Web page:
The Reality of Taking a Sick Day When You're Chronically Ill
With reading week now over and deadlines piling up, my hours at both of my jobs picking up and the end of the fall semester looming, things are getting a bit chaotic. And sometimes my body just can’t handle it. When the stress becomes too much, my body is sure to remind me of the fact that I am chronically ill. Cue chronic migraines, wildly fluctuating blood sugars and seizure auras.
I try so very hard to push through it as best I can, but often, the inevitable happens – I physically cannot get out of bed.
Sick days are a funny thing when your body is permanently sick.
You would think that after years of being chronically ill, one would come to accept the idea that yeah, sometimes they have to be realistic about their limitations – they have to take a break more often than most, they have to sacrifice many things to achieve the balancing act required when living with chronic illnesses. You would think. But this is not an easy realization to come to terms with, never mind implement into your life.
And somehow, despite knowing this all at our core, we still feel guilty. I use the term “we” because I know this is a common phenomenon among people with disabilities and chronic illnesses, but I do not mean to speak for anyone but myself.
Calling in sick is an extremely hard thing for me to do. It feels a lot like defeat. I can’t help but feel guilty, and as though I’m to blame. The thought spiral then starts, like so: What did I do to trigger a migraine today? Maybe I’ve been pushing myself too hard. Can I even handle what I have on my plate right now? These quickly to turn to questions of my self-worth, questions about my future, my ability, my aspirations – ultimately, am I enough? What if my illness takes priority and I have to give up my goals for the sake of my health?
This inescapable thought process is the reality of a sick day, of my mind when I have to call in sick. I don’t just question whether I’m making a mistake about calling in, whether I can push through it, whether my employers and coworkers will think less of me (I know the answers to all of these, but I still doubt everything). I question whether this one sick day will eventually become my life. That is the fear, the uncertainty, that is chronic illness. You never know which day will be your best and which might be the start of your worst.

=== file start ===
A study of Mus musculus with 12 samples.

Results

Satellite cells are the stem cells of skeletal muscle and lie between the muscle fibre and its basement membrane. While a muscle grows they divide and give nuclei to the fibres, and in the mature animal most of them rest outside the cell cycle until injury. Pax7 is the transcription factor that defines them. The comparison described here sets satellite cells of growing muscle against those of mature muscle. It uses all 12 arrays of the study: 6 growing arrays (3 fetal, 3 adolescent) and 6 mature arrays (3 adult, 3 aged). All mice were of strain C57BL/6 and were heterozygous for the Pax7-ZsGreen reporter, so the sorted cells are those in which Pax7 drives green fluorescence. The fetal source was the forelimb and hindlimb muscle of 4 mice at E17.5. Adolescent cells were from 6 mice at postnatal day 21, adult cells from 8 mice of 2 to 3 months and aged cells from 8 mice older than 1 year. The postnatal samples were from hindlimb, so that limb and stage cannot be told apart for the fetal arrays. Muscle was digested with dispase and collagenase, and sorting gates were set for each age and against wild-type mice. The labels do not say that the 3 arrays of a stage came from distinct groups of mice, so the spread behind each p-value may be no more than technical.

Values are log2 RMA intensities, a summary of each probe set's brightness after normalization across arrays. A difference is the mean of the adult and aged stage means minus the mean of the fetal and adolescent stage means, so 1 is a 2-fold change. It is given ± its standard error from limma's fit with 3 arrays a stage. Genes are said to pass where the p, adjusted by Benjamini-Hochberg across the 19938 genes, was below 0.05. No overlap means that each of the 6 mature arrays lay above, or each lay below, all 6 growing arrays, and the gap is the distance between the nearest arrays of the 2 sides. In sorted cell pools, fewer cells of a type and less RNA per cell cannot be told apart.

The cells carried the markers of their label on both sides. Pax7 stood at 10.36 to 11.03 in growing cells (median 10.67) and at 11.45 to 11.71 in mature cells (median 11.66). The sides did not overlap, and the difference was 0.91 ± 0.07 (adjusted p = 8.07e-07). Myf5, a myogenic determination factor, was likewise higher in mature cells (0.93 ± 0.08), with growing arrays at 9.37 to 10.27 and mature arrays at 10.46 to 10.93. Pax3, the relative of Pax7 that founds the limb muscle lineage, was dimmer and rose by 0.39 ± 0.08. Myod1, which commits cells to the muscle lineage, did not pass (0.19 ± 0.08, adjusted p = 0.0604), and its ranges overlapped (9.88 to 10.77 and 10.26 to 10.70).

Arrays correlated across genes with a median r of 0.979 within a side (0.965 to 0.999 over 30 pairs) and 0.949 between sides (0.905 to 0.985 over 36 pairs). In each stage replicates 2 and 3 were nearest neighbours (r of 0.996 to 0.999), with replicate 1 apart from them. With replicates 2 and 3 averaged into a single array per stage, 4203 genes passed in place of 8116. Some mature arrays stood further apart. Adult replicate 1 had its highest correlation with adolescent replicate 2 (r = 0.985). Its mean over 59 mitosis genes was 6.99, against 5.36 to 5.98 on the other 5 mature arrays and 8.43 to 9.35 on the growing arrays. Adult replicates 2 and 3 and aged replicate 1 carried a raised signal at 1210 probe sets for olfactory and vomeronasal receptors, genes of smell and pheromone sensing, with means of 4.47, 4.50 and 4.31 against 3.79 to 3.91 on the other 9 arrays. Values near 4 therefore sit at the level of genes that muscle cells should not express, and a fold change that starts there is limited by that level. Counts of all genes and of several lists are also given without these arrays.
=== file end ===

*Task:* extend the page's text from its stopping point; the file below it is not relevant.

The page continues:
I know this post is not bright and happy, but it’s honest. Sick days are not just a day in bed for me. They are a day trapped in the anxieties, the uncertainties, the grief and the guilt of being chronically ill.
But I am so, so thankful, that more and more, I am having fewer sick days. My health over the past few years has improved as I’ve learned more about my conditions, more about how to manage my health, both mentally and physically, and as I’ve learned to accept and adapt to life with chronic illnesses. I am so fortunate to have the people around me that I do, the people who understand and care so deeply about me, and I am so fortunate that my “good” days outnumber my bad ones by a long shot. And after many of the flare-ups I’ve had, especially upon starting university, I know not to take this for granted.
This post originally appeared on Jennifer’s blog.